At various points in my career, I spent my days delivering technical training. If your company wanted to adopt a new technology, or upskill your developers, you'd hire me and I'd do crash course sessions. I generally didn't design course material: the books, slide decks, and labs. I just delivered the course. Most of the course material I worked with was pretty good, but there were some which were clearly written by people who were just trying to get a course out the door fast while a new technology was buzzwordy enough that nobody knew what they were buying.

I hated those courses.

All this means that we're going to shift gears a little bit into something we don't usually look at: the kinds of code that may be used as examples in training material.

The first one comes from Jan, who was just trawling through JavaScript guides, and stumbled across one article that really stressed the importance of comments. For example, this incredibly complex method needs this comment attached to it:

/** Saves the user to the database. It receives a "User" object, it generates a random alphanumeric ID and then it tries to save it into the users table. If sucessfull, it'll return the new generated user ID. If it fails, it'll return "false" instead. */ function saveUser(usr) { = Math.random().toString(36).substring(2); let result =; if(!result) { return false; } return; }

There's no big WTF here, but this code is meant to be educational, which is why I'm picking on it.

There's the initial premise of this code being so complicated in needs a thorough comment that explains line-by-line what the code does. That's clearly not true, though this code definitely needs documentation, because one needs to understand what it returns when.

But that's also the problem. Error states generally shouldn't propagate through return values if your language has another option. A version of this method that simply returns the ID or throws an exception on failure would both be easier to understand and easier to document.

Of course, "a bad, lazy code sample," is par for the course in a lot of educational materials, so this is just our appetizer.

Steve Wahl signed up for some security training. He was quite happy to see C offered as an option, since he's used to seeing very web-focused security training and since he does Linux kernel and driver development, that's not exactly useful.

What wasn't clear was that they expected developers to be ready to delve into Windows APIs as well as Linux APIs. Many of the exercises took the form of "spot the vulnerability", so take a look at this block and see if you can guess the right answer:

// Do NOT forget to call '_freea(stackBuf);' void* StackAllocate(const size_t size) { if (size < 1U || size > 1024U * 1024U) return NULL; void* buf = NULL; #ifdef _WIN32 buf = _malloca(size); #else buf = alloca(size); #endif return buf; }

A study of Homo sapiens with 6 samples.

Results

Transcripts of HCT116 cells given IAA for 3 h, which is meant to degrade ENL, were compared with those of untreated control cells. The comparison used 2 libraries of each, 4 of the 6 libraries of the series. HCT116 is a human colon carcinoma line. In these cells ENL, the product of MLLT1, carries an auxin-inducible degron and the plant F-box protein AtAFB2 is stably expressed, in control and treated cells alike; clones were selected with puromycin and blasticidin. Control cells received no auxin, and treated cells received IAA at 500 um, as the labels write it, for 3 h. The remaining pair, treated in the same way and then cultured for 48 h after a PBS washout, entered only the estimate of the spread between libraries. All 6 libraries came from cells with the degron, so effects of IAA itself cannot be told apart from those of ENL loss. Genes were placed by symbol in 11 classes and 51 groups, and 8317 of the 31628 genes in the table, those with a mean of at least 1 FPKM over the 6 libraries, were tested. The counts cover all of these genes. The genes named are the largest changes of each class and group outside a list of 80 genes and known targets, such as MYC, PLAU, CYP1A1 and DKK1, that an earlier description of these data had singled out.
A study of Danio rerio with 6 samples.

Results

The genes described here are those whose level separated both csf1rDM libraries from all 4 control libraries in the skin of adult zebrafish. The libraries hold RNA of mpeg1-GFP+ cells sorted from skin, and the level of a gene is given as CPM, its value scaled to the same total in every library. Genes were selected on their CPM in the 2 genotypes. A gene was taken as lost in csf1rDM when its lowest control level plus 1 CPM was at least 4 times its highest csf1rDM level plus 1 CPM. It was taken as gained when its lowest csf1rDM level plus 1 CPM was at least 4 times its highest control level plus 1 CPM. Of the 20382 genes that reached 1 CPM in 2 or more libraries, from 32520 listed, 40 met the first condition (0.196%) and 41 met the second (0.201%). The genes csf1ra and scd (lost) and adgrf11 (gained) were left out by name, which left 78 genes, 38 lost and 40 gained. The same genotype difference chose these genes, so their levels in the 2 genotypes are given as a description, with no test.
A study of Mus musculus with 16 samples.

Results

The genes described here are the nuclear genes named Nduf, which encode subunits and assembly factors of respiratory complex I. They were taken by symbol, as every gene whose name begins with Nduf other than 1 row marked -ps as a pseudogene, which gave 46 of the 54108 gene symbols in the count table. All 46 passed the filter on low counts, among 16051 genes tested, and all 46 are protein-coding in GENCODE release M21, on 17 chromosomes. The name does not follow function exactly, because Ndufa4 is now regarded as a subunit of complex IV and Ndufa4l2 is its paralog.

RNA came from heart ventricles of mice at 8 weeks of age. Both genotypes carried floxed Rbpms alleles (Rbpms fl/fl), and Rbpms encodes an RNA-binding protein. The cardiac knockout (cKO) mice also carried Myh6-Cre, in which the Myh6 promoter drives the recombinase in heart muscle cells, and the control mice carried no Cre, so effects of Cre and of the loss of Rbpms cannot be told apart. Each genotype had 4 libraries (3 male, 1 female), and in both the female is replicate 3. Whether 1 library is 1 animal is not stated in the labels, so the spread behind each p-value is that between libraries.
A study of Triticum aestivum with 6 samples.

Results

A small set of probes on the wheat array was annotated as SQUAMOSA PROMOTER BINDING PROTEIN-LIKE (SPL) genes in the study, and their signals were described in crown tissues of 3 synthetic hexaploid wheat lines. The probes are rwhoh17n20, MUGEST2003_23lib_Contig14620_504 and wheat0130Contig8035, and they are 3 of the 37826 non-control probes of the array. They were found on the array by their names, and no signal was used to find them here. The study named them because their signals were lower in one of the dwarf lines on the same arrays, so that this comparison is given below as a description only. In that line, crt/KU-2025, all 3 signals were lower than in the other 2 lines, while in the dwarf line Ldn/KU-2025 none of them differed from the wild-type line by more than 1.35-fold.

What the training wanted you to spot was that on Windows, _malloca can raise a stack overflow error, which needs to be handled with Windows' "structured exception handling" dialect. This code doesn't handle that error correctly, and thus, that's the danger.

Which, sure, not handling exceptions is bad. But that's hardly the thing that we should be paying attention to.

First off, alloca always allocates memory on the current stack frame. Which means when StackAllocate returns, you're returning a pointer to memory you don't own. Don't do this. That is a bad thing to do.

But the Windows case, with _malloca gets weirder, because _malloca doesn't guarantee that it allocates memory on the stack. It might acquire heap memory. Which is probably why the comment warns you need to call _free- alloca is "automatically" cleaned up (along with the stack frame), while _malloca can't be automatically cleaned up.

Regardless, both of these methods might actually allocate stack memory, in which case you can't safely pass back a pointer from either of them. That's the actual bug in the code, not the missing exception handling.

If this code existed in production, it'd be a complete WTF. That it's used to illustrate mistakes made that might create security problems, it's missing the forest for the trees. This is a clear case that the person designing the training had a very specific understanding of very specific things, but didn't assemble them into a bigger picture to actually communicate the lesson to their students- students who, by their very nature, might not understand what's going on well enough to recognize how misleading the educational content is.

I promise not to pick on training materials too much, but especially the secure coding example really bugged me.